I think it’s fair to say that the pie floater has never made as much of an impact on the west coast compared to the appetite our eastern cousins have for it. For the uninitiated we’re talking, traditionally, about a meat pie ringed by thick pea soup. A dish that has been served from South Australian pie carts since the late 19th century. Food writers often anoint dishes as “iconic” but in this case it was the National Trust of South Australia that named the pie floater as a state heritage icon back in 2003.

You might then think that a degree of novelty is at the heart of my craving for Nieuw Ruin’s signature dish, a fancy pie floater, but it’s actually a deeper nostalgia that goes far beyond our shores. I was raised in the north of England where “pie and peas” is a very real thing. Served everywhere from lower league football matches to pubs and working men’s clubs, it’s more pie than floater, but close. Added to this, my first proper meal as a visa holder on Australian soil was a pie floater at the iconic Harry’s Café de Wheels in Sydney’s Woolloomooloo. The choice was more about its availability and proximity to my Airbnb but all the same, for me it’s a pie with a side of feels.

The first iteration Nieuw Ruin’s head chef Blaze Young put up was a pork and rabbit pie with cognac gravy and peas. There are no shortcuts. Young tells me she builds stocks the old-school way with roast chicken bones, sometimes duck frames, heaps of veg and a low and slow process that takes three days. She slow-braises the meat with aromatic vegetables, leek tops, fennel, celery, lemon zest, parsley stalks, white pepper, coriander and fennel seed. That braising stock makes its way into the gravy, with the addition of a good measure of cognac, garlic and shallots, more lemon zest and a peppery olive oil.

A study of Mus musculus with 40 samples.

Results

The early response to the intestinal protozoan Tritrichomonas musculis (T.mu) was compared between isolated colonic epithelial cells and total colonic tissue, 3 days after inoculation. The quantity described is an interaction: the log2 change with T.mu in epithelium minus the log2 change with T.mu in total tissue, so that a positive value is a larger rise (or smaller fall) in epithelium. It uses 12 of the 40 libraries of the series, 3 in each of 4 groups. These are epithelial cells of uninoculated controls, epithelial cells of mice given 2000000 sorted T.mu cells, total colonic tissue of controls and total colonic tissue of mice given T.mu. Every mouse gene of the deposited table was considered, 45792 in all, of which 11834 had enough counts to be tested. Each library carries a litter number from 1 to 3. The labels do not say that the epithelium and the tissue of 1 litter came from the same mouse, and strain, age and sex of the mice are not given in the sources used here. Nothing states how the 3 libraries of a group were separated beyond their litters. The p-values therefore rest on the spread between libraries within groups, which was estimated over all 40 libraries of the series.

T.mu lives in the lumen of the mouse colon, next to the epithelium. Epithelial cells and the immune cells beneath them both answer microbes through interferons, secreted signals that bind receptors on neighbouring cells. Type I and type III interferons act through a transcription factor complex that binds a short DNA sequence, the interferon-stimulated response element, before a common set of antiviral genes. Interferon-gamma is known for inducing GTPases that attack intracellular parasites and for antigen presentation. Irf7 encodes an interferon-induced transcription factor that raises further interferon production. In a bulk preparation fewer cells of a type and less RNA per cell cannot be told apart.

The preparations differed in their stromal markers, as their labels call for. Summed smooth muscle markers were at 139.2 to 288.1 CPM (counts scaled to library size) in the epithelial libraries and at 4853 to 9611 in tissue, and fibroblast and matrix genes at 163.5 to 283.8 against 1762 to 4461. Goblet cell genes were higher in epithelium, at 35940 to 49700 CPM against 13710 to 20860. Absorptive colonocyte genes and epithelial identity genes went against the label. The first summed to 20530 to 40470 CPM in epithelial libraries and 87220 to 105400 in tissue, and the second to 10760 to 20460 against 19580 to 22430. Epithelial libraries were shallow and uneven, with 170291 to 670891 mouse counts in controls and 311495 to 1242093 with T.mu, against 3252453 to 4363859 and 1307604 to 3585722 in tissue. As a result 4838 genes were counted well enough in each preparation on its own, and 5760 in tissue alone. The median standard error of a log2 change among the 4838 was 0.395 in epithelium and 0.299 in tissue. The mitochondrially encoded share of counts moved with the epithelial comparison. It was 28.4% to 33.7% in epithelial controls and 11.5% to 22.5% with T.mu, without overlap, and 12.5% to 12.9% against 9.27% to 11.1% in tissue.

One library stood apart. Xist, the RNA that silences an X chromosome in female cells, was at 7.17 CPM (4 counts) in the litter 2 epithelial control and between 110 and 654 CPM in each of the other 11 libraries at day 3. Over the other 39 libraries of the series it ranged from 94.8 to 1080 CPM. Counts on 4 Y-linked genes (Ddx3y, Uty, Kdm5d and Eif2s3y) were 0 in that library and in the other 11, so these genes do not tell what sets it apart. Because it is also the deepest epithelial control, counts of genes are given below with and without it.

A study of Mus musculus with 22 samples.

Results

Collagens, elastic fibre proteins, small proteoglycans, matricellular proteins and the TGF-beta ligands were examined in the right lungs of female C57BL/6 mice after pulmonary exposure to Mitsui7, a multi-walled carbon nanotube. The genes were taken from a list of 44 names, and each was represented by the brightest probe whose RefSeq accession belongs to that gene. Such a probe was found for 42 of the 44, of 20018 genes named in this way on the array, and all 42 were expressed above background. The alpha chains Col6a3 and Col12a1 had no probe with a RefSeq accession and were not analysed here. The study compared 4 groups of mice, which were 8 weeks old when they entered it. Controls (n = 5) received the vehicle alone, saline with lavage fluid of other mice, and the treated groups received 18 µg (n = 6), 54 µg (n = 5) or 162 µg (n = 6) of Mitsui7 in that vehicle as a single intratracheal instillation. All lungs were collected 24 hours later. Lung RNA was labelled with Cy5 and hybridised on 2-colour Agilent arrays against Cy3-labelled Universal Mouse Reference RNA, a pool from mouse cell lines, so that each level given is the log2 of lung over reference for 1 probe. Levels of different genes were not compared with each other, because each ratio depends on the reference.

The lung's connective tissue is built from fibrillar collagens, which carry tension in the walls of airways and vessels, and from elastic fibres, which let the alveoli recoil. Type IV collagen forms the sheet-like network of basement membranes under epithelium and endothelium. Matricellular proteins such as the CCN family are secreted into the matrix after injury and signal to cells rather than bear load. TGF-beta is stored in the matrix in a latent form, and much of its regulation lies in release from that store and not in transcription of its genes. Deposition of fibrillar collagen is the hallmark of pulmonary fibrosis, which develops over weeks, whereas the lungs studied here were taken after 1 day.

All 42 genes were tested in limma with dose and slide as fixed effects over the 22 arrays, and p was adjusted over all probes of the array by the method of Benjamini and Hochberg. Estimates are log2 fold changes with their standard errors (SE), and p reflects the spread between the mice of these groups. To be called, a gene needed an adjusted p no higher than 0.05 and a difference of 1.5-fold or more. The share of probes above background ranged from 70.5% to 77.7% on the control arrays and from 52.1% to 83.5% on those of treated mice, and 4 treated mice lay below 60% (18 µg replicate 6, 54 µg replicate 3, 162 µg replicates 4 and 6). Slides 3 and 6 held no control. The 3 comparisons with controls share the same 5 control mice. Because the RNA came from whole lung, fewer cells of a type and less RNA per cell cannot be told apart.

It was bang on the brief for a menu that is as much about drinking as it is eating, and a tip of the hat to childhood memories. Young’s dad, a Melburnian, would talk about how it defined his pub experience. Young’s mum, up in the Perth Hills, would on occasion make it – and it’s obviously something that stuck.

One of my menu red flags is dishes that are incongruous with the season. So that pork and rabbit, as glorious as it was, is a dish designed for the cooler months. To still be eating it at the height of summer just wouldn’t work. Young has cycled through seasonal variations, from a hapuka pie floater with veg and smoked-fish gravy to a vegetarian crowd-pleaser, a cauliflower and gruyere incarnation for autumn.

The filling is integral to the dish but, when you get down to it, the gravy is just as crucial – as are the submerged peas that offer fresh respite. A gravy lacklustre in flavour, too thick or thin in consistency, would be a disaster. A depth of flavour in that original gravy was achieved through ingredients, yes, but also time. That Young is enamoured enough with her craft to take time and apply technique makes all the difference to me and the memory of that dish. On the night I visited, my two dining partners and I each spooned up the gravy. Sat at the bar there were oohs and ahhs, as natty wine was pushed to one side before a boss move (sadly not mine): the bowl taken, pressed to the lips and tipped to clear every last possible drop. As the days grow cooler, I’m hanging out for my chance to upturn that bowl.